Research matters ... lycopene increased by salinity

Dr Ken Cockshull, Emeritus Fellow at Warwick HRI, highlights the latest findings from horticultural research.

Lycopene is the main health-giving constituent of tomatoes and its concentration can be enhanced by increasing the salinity of the nutrient solution supplied to the roots.

The research reported here examined the effect of changing the electrical conductivity of the nutrient solution when the fruit were at different stages of development.

The truss tomato 'Durinta' was grown hydroponically in a polythene greenhouse. After 14 weeks, one truss with at least four flowers was selected for monitoring on each plant. The electrical conductivity of the nutrient solution was then raised from 2.3 to 4.5 dS m-1 when those flowers reached anthesis. With other plants, the conductivity was either raised four weeks after anthesis or not at all. Final fruit weight was unaffected by changing the solution's conductivity but the concentration of sugars was increased in red ripe fruit.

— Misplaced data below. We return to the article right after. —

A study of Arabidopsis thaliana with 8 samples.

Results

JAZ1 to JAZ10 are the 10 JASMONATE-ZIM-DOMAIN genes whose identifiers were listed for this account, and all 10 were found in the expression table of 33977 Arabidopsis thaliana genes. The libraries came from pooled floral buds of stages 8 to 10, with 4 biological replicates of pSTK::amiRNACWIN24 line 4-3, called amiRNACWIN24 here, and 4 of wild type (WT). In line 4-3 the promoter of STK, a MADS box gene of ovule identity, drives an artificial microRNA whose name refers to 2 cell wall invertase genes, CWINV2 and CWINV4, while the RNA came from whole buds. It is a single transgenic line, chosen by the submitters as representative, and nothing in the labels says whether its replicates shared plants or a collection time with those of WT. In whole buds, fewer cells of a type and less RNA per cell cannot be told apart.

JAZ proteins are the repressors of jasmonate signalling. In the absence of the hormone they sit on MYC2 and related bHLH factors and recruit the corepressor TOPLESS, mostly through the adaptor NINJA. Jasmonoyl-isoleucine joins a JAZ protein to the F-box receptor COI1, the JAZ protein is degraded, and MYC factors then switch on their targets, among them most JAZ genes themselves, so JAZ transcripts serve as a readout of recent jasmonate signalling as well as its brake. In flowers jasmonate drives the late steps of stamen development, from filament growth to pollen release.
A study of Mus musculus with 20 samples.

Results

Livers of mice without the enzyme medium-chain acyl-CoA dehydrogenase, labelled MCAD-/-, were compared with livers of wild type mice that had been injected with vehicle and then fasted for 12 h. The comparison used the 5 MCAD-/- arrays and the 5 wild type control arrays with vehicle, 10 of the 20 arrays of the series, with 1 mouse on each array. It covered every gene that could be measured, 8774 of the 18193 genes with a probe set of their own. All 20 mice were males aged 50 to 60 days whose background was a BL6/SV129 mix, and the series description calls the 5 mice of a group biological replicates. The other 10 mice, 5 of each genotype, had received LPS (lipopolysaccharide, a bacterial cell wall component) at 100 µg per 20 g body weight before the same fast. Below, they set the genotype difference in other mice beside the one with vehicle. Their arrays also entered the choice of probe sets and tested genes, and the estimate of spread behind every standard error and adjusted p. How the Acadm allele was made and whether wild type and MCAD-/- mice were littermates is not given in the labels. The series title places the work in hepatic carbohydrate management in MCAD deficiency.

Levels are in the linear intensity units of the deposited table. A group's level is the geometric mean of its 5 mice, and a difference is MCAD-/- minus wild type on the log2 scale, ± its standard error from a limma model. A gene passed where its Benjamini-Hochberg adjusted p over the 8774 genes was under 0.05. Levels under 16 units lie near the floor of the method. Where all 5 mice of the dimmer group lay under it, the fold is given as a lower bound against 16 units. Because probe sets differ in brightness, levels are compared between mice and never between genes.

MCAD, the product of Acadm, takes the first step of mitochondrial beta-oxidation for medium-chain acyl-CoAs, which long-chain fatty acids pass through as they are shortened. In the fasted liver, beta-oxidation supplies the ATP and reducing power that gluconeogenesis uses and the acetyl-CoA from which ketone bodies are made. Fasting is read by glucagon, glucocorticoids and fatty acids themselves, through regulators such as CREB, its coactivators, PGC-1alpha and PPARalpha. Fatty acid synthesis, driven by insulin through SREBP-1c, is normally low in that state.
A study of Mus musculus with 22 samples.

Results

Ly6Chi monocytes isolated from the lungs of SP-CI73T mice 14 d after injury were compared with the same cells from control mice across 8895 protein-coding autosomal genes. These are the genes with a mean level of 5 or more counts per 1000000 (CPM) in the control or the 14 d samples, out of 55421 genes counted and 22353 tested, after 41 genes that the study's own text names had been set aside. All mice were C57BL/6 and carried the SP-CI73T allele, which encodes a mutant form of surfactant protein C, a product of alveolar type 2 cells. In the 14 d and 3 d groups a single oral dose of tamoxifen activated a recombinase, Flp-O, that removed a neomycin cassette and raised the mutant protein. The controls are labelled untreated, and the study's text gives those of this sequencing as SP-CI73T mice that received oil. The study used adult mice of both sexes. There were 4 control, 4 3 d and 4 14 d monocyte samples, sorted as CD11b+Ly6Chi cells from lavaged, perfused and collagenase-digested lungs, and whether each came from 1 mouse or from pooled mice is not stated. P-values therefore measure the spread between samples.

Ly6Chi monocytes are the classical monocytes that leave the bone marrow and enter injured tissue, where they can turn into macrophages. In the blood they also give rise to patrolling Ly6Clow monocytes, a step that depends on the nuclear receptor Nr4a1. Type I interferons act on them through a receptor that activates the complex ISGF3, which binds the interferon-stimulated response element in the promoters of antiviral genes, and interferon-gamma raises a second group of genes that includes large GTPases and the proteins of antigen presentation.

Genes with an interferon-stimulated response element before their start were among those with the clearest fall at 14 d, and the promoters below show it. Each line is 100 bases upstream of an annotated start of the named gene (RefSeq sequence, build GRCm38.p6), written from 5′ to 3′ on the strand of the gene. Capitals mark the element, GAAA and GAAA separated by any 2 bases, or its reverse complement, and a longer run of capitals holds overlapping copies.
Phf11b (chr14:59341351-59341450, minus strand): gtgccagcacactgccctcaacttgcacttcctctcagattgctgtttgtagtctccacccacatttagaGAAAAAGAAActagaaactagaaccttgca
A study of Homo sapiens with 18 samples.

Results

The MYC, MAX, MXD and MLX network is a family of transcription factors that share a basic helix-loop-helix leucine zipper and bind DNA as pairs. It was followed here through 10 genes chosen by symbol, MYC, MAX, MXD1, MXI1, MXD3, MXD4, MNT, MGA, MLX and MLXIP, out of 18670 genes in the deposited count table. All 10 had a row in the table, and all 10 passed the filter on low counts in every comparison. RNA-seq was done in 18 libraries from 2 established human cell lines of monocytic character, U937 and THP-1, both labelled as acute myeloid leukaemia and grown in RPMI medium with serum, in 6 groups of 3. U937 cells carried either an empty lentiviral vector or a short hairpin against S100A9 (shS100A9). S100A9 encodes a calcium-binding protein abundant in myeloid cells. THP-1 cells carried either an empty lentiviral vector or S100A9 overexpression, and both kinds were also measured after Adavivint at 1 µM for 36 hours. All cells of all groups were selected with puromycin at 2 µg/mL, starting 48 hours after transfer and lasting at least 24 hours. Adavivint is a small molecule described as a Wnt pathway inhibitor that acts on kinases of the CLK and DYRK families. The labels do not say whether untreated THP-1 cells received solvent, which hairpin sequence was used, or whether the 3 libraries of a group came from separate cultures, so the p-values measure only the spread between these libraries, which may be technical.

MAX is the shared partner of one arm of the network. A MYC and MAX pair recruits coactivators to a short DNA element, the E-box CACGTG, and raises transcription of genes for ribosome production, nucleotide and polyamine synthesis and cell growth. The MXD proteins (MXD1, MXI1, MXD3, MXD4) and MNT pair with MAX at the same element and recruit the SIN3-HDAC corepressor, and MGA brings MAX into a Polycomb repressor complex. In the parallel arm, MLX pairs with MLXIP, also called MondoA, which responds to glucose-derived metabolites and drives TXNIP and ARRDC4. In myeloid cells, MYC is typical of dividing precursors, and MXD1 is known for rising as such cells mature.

The effect on sugar concentration was less if the conductivity increase was delayed. The lycopene concentration in fruit increased as they ripened and was markedly increased by both of the high conductivity treatments. As the lycopene concentration was unaffected by the timing of the increase in conductivity, the results suggest it may also be enhanced by quite short exposures to high conductivity.

Effects of High Electrical Conductivity of Nutrient Solution and its Application Timing on Lycopene, Chlorophyll and Sugar Concentrations of Hydroponic Tomatoes during Ripening by Wu and Kubota (2008). Scientia Horticulturae 116: 122-129. The contents of issues of Scientia Horticulturae and abstracts of papers are provided at www.elsevier.com/locate/scihorti.